Discover the French Origins of Ballet

Ballet dancer performing on stage in theater


French is considered the language of ballet. Many of the terms and steps in ballet come from the French language. King Louis XIV of France loved ballet. He established the first official school of ballet, known today as the Paris Opera Ballet.

Ballet's French History

The dance known as ballet came from the 15th- and 16th-century Italian courts before it was spread from Italy to France by Catherine de' Medici (she later became the queen of France). It was developed more intensely under her authority in the French court. Under King Louis XIV, ballet was at its height of popularity. He was known as the Sun King and founded the Royal Dance Academy in 1661. The Paris Opera Ballet was a result of the Paris Opera, which was the first ballet company. Jean-Baptise Lully led that dance group and is known as one of the most popular composers of music in ballet.

Though its popularity declined after 1830, it did become popular in other parts of the world such as Denmark and Russia. Michel Fokine was another change-maker in the ballet world who reinvented the dance as an art form. 

A Collection of Ballet Terms

Many ballet instructors strive to teach their young dancers the French ballet vocabulary. This is because these terms are used worldwide and not just by French dancers.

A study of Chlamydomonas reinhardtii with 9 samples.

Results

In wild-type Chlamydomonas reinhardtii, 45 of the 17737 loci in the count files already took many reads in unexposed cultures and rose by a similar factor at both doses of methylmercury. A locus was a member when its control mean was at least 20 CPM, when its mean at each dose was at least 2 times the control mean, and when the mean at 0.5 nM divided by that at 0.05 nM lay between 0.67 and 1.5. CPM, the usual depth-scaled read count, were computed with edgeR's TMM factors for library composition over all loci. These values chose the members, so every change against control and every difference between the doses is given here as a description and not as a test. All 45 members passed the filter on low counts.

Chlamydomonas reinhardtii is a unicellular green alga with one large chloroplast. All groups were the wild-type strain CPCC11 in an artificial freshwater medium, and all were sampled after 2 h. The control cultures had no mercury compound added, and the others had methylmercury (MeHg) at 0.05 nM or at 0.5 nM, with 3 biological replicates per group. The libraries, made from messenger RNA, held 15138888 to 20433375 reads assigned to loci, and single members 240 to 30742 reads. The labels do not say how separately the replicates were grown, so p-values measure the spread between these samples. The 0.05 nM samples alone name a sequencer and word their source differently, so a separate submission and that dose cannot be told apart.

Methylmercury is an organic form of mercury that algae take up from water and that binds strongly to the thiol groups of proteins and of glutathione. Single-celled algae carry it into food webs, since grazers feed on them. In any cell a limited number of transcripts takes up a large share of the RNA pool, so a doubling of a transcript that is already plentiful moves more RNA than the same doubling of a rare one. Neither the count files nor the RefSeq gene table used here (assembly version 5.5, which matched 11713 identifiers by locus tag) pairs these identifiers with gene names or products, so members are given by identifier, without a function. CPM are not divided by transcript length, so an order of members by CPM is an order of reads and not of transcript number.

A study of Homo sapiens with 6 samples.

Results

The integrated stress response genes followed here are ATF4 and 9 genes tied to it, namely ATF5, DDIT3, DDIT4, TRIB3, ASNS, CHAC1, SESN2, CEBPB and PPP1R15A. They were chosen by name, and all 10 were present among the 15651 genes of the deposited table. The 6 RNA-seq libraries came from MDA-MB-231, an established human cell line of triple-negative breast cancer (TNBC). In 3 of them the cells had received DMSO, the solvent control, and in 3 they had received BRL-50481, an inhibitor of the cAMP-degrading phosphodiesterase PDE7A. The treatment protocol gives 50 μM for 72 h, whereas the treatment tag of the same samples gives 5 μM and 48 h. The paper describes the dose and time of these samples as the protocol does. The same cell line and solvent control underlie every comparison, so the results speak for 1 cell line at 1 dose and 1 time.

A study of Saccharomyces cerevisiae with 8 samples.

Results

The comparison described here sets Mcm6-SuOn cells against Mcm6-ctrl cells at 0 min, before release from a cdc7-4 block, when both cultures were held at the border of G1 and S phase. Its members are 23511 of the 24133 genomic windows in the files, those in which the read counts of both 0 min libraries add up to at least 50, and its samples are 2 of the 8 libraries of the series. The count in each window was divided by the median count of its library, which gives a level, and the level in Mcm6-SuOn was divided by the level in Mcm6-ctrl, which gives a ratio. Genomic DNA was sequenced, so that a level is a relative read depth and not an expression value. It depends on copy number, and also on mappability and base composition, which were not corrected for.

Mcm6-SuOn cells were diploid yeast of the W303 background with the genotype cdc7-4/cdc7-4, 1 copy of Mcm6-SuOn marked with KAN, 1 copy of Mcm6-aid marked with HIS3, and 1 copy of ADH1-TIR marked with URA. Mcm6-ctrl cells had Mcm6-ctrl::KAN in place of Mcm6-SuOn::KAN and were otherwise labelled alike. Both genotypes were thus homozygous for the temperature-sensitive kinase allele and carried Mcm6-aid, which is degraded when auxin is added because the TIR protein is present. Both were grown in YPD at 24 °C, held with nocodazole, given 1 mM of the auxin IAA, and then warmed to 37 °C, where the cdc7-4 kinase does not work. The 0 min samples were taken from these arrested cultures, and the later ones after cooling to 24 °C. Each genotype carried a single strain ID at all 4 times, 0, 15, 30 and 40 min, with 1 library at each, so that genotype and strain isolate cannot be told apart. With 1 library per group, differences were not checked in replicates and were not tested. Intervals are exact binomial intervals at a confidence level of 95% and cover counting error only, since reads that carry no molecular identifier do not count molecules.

Many of these ballet terms, when translated, give clues to their corresponding steps. Take a look at the following terms:

  • Plié: Bend
  • Changement: Change
  • Battement: A high or low kick
  • Pas de chat: Step of the cat
  • Pirouette: A twirl, or turning movement

More Ballet Words

Here are more ballet words that dancers will come across, along with their meanings:

  • Barre: horizontal bar opposite mirrors and along a wall in a studio for class exercises - where every class begins exercises
  • Cavalier: This refers to the female ballet dancer's male partner.
  • Chassé: A step where one foot chases the other out of its original position. These are done in a series of movements.
  • Développé: In this movement, the working leg is drawn up to the knee of the supporting leg and slowly extended to an open position and held there.
  • Fondu: Lowering the body on the supporting leg.
  • Relevé: The word refers to the motion of raising; which is raising the body on the demi-pointe (which is when the dancer is high on the balls of his or her feet, but still under part of the toes)

Many of the French terms are actually simple words that sound fancy. Some people believe that the French vocabulary gives ballet a more formal, sophisticated and mysterious feeling.